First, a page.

Central Portugal: Tomar to Ferreira do Zêzere

Harri walks the castle walls at Tomar

We arrived in Tomar around half past nine, having caught an earlier train than originally planned. The two-hour journey was slow and the scenery alongside the track not particularly enthralling, but it was hard to grumble at the cost: the state-owned train company CP (Comboios de Portugal) charges just 9.95 euros each for a single ticket from Lisbon.

The weather was dreary with intermittent rain and we were relieved we’d made the last-minute decision to pack our lightweight waterproof jackets. The sprawling and impressively tiled Praça da República with its Gothic church and many cafes was deserted apart from the rows of wild pigeons lining the benches.

With only a few hours to spare there was no time to waste and, after a quick wander around the praça, we headed up a steep, cobbled path leading to the magnificent centuries-old Convento de Crista.

 

The Convento de Cristo lies within the castle walls

Tomar’s unique selling point is its connection to the Knights Templar (yes, those very same Christian crusaders who feature in The Da Vinci Code). Over eight hundred years ago, the city became the Order’s headquarters in Portugal. It was the Knights Templar who built Tomar’s castle and the convent in the 12th century and who defended the city from the Moors in 1190. When Pope Clement V abolished the Knights Templar in 1312, King Dinis of Portugal refused to pursue and slaughter the former knights (as happened elsewhere in Europe). Instead, he established the Order of Christ, which went on to accumulate great riches and power during Portugal’s Age of Discovery.

 

Tomar’s Convento de Cristo was founded in 1160 by the Knights Templar

There was no charge to go into the castle grounds so we strolled around, wandering up and down the stone steps and narrow, unguarded walkways of the castle walls and marvelling at the ornate facade of the convent. More tourists (plus a group of flag-waving pilgrims) arrived and began queuing for guided tours costing just six euros each. We were sorely tempted, but Harri reminded me that we still had 14 miles to walk – possibly in the rain – plus supplies to purchase. There simply wasn’t time. Next time we’re in Tomar we will definitely make sure we enjoy a tour of those magnificent cloisters!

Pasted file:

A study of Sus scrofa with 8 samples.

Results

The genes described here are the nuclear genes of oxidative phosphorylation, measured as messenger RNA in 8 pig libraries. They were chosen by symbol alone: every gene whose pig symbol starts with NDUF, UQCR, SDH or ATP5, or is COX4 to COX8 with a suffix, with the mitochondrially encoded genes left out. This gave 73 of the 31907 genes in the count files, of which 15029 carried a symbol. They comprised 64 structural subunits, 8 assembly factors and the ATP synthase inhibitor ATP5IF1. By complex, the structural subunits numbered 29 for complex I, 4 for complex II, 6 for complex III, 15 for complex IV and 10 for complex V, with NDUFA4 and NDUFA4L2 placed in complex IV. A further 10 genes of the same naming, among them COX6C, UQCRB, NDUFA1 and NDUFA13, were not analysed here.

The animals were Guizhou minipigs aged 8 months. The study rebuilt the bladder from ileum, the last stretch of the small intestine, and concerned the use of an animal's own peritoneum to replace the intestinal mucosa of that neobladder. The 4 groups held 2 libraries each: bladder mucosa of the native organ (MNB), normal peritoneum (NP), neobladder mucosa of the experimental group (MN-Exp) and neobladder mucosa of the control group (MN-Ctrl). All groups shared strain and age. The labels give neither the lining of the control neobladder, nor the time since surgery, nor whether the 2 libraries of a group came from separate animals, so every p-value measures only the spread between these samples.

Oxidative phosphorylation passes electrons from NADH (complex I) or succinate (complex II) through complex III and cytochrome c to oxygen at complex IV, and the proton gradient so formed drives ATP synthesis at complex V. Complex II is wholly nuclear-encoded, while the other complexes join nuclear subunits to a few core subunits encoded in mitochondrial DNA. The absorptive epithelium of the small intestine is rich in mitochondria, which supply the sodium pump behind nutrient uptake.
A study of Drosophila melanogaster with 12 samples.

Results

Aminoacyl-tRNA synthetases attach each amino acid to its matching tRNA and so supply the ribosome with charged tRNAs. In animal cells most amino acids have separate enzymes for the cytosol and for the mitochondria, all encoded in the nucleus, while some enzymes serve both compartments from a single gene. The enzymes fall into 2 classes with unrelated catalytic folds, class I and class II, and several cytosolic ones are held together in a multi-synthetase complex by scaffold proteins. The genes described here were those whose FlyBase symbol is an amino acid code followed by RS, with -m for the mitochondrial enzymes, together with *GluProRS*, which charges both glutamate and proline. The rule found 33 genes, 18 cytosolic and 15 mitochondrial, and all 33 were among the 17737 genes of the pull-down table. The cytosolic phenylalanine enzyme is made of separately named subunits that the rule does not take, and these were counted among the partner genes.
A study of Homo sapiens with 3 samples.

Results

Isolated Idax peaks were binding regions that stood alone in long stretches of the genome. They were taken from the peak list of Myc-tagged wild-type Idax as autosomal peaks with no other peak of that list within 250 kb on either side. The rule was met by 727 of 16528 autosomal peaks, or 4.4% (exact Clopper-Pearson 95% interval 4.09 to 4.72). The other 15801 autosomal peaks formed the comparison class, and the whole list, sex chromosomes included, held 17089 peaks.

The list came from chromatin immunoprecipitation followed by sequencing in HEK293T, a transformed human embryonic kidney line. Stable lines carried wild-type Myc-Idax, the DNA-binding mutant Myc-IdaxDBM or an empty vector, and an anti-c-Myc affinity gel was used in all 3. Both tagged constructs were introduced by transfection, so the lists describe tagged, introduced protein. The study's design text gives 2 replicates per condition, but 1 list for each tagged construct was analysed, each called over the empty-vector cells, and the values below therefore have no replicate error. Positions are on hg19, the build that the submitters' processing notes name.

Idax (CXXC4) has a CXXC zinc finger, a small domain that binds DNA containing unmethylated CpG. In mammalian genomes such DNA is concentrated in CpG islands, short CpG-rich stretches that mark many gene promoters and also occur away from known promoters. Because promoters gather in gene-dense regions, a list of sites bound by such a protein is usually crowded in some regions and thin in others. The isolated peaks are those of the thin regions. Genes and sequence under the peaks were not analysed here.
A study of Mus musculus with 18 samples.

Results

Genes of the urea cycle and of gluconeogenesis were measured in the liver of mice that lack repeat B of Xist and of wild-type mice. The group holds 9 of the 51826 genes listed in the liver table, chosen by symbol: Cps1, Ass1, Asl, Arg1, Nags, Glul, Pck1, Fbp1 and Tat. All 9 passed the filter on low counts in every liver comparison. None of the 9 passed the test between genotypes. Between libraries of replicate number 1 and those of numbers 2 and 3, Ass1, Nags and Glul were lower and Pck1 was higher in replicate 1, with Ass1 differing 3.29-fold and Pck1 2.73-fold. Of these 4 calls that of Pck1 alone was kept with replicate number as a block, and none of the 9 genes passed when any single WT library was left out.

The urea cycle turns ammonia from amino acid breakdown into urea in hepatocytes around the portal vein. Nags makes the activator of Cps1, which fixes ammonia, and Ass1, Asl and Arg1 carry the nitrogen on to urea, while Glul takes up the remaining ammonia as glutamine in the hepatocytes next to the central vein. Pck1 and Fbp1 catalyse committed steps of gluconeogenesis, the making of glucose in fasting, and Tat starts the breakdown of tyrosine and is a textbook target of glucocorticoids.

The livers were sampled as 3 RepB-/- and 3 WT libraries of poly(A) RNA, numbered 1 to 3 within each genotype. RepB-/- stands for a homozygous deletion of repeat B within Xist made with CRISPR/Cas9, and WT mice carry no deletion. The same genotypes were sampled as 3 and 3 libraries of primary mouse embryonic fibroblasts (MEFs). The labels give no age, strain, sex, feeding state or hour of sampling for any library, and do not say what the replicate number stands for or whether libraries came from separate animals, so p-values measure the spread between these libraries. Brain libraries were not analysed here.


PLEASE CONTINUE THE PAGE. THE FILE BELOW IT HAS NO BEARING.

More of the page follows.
The fifteenth century bridge across the Nabão

As we strolled along the Rua Serpa Pinto, past endless gift shops all displaying Knights Templar paraphernalia, I happened to turn to look back at the castle. I realised I was looking at the exact same scene depicted in a photograph in my DK Eye Witness Travel Guide: Portugal (they are still my favourite travel guides … I love all the pics!). For some reason it gave me a real thrill.

We avoided another heavy downpour by just happening to be in the toilets for its two-minute duration and spent another half an hour or so meandering across the 15th century Ponte Velha to the beautiful Parque do Mouchão (there’s a wonderful working wooden water mill, allegedly Roman but who knows!) and stopping to buy bread and fruit in Tomar’s indoor market.

 

Getting friendly with the locals in Parque do Mouchão

We’d probably have lingered for a while outside a wisteria-covered cafe/restaurant overlooking the river had the weather been warmer and the clouds less threatening, but instead we headed out of town. When we stumbled upon an Intermarché supermarket on the outskirts of the city, we ventured inside only to be asked to leave our full rucksacks at the customer services desk. This infuriated us. Why would we, as long-distance hikers, be seen as potential shoplifters?  As Harri pointed out (to me, his Portuguese isn’t good enough to engage in long conversations with shop assistants), our rucksacks contained our passports and quite a lot of euros … far more euros than the value of anything we were likely to steal! And our rucksacks were crammed to the brims. Where exactly were we planning to stash the lifted items? This has only happened to us once before – last year in Torroella de Montgrí on Spain’s Costa Brava – and on both occasions we have felt bewildered and angry that we were being discriminated against on such nebulous grounds.

 

The roadside poppies brightened up an otherwise dull afternoon

The afternoon’s walking was a bit of a disappointment. Though the rain held off, the weather remained very British, i.e. dreary and grey, and the landscape and vegetation was not what I’d anticipated of Central Portugal. As I plodded along behind Harri it crossed my mind that I might have made a big mistake in choosing to spend half our fortnight’s holiday walking inland instead of just sticking to the Silver Coast for two weeks (our original plan). Well, it was too late to change our minds now!

When we finally reached Ferreira do Zêzere, it was similarly underwhelming, perhaps because the image I’d held in my mind was not of the town itself but of the nearby village of Dornes, with its picturesque location on the water’s edge (just try Googling images for Ferreira do Zêzere and you’ll see what I mean). The town did redeem itself later on, with its good-value restaurants and bars, but it didn’t do it for us in terms of a possible place to live.

 

Enjoying a beer at the end of the day’s hiking

Tomorrow our hiking starts in earnest when we head north to join the Castelo de Bode reservoir. I just hope the weather improves as I haven’t brought long trousers with me and we’re about to head into the mountains.

If you want to follow in our footsteps, download our route from Tomar to Ferreira do Zêzere.

 

The Via Algarviana – an English guide to the ‘Algarve Way’ by Harri Garrod Roberts is available from online bookstores, included Amazon’s Kindle store and is priced at £2.99.

The Via Algarviana: walking 300km across the Algarve by Tracy Burton is available in paperback (£5.99) and Kindle edition (£2.99) from Amazon.